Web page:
Today I Learn… I make a point of learning something new everyday. This is what I learn each day

1, Feb 1, 2012

Reading Madam Secretary: A Wonderful Lady

Filed under: Reading — admin @ 12:46 am

I read Madam Secretary: A Memoir by Madeleine Albright early January. I was very much impressed by her experience. She was in one sense a pioneer and an inspiration. She grew up during the time when women’s place was at home, serving their husbands and children. Even though, she did her best to play her role, she managed to get her Ph.D., and after divorce, moved on to live a very fulfilled life. Here are some of the notes from the book.

After giving birth to her twice babies, her life was changed. “So began a new segment in my life, one defined by formula, diapers, rattles, burps, teething, hugs, frequent weight checks, visits to the doctor, and shrieking, splashing baths. I was so proud of my beautiful and good daughters; I was also growing frustrated because I wanted to make full use of my education.” p. 52

“Twice in two years, I have had to leave good jobs with good futures to follow my husband’s path. And that was even before I had children. Now, even to get a job, I would have to find and hire a dependent nurse and pay her perhaps more than I could make myself. Perhaps I am being overly pessimistic. Perhaps I could go out tomorrow and get a job as a typist. The next question is, why bother? Do I want a job merely to have a job, or do Iwant to work in order to be doing something worthwhile?”

“I must admit though that I feel somewhat like a pioneer. I am not satisfied to sit back for the rest of my life and contemplate in which order to clean the rooms. I want to find a solution and still feel that somehow it must be possible to be a responsible mother, a good wife and have an intellectually satisfying job.” p. 53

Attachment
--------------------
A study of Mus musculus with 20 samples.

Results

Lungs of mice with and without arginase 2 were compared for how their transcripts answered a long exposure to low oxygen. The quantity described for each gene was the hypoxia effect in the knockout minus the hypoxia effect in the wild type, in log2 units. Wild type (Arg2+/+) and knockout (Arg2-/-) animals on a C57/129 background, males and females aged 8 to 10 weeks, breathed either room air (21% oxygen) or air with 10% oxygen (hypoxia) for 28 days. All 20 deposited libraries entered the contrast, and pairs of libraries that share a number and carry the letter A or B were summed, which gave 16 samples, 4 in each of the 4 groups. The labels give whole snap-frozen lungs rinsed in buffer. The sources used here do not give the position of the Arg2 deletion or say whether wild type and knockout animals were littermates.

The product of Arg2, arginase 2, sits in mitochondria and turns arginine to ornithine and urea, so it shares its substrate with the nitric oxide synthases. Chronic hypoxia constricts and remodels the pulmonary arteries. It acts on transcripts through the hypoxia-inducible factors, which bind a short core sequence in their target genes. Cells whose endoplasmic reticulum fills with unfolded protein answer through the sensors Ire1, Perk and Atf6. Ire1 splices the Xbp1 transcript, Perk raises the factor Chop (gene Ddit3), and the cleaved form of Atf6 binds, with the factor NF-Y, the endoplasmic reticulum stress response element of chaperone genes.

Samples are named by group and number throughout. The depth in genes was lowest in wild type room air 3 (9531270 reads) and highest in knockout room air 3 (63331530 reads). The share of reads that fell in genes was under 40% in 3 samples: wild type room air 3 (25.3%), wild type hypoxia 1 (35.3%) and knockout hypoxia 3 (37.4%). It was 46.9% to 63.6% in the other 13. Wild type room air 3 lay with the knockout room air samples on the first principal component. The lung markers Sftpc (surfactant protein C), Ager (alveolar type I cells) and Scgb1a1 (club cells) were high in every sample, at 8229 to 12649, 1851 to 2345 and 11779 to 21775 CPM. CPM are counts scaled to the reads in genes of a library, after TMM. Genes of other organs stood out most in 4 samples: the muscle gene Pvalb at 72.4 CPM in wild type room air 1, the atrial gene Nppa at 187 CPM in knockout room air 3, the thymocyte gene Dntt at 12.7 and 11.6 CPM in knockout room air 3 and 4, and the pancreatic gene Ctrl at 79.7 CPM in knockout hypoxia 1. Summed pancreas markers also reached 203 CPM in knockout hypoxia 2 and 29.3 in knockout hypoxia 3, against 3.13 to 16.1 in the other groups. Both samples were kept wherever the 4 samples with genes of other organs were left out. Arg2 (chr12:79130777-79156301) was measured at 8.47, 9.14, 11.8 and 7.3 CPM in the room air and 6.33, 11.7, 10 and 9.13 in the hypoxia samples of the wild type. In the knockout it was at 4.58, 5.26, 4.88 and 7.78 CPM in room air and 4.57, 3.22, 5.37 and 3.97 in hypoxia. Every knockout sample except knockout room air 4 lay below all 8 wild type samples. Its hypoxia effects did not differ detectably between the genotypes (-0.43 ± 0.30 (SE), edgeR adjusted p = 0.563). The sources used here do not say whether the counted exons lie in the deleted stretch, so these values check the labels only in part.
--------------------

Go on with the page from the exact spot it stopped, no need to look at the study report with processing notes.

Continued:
While her babies were small, she could not land on a full-time job. When her hope of getting a journalist job was gone, she enrolled in a graduate program at the John Hopkins School of Advanced International Studies — “Even though I participated in these activities, I did so part-time because I had begun graduate work at the Johns Hopkins School of Advanced International Studies. I had given up hope of a career in journalism but I thought I might follow my father’s lead and become a college professor. I was taking the full load of five courses, plus Russian.” p. 54

She later continued her graduate at Columbia University. “In addition to working toward my Ph.D., I decided to try to obtain a certificate from the university’s Russian Institute.” p. 56

All this hard work had prepared her for the role that she later assumed, that is, being the first female Secretary of State of the U.S., taking the path that most women in her generation not even dared to imagine.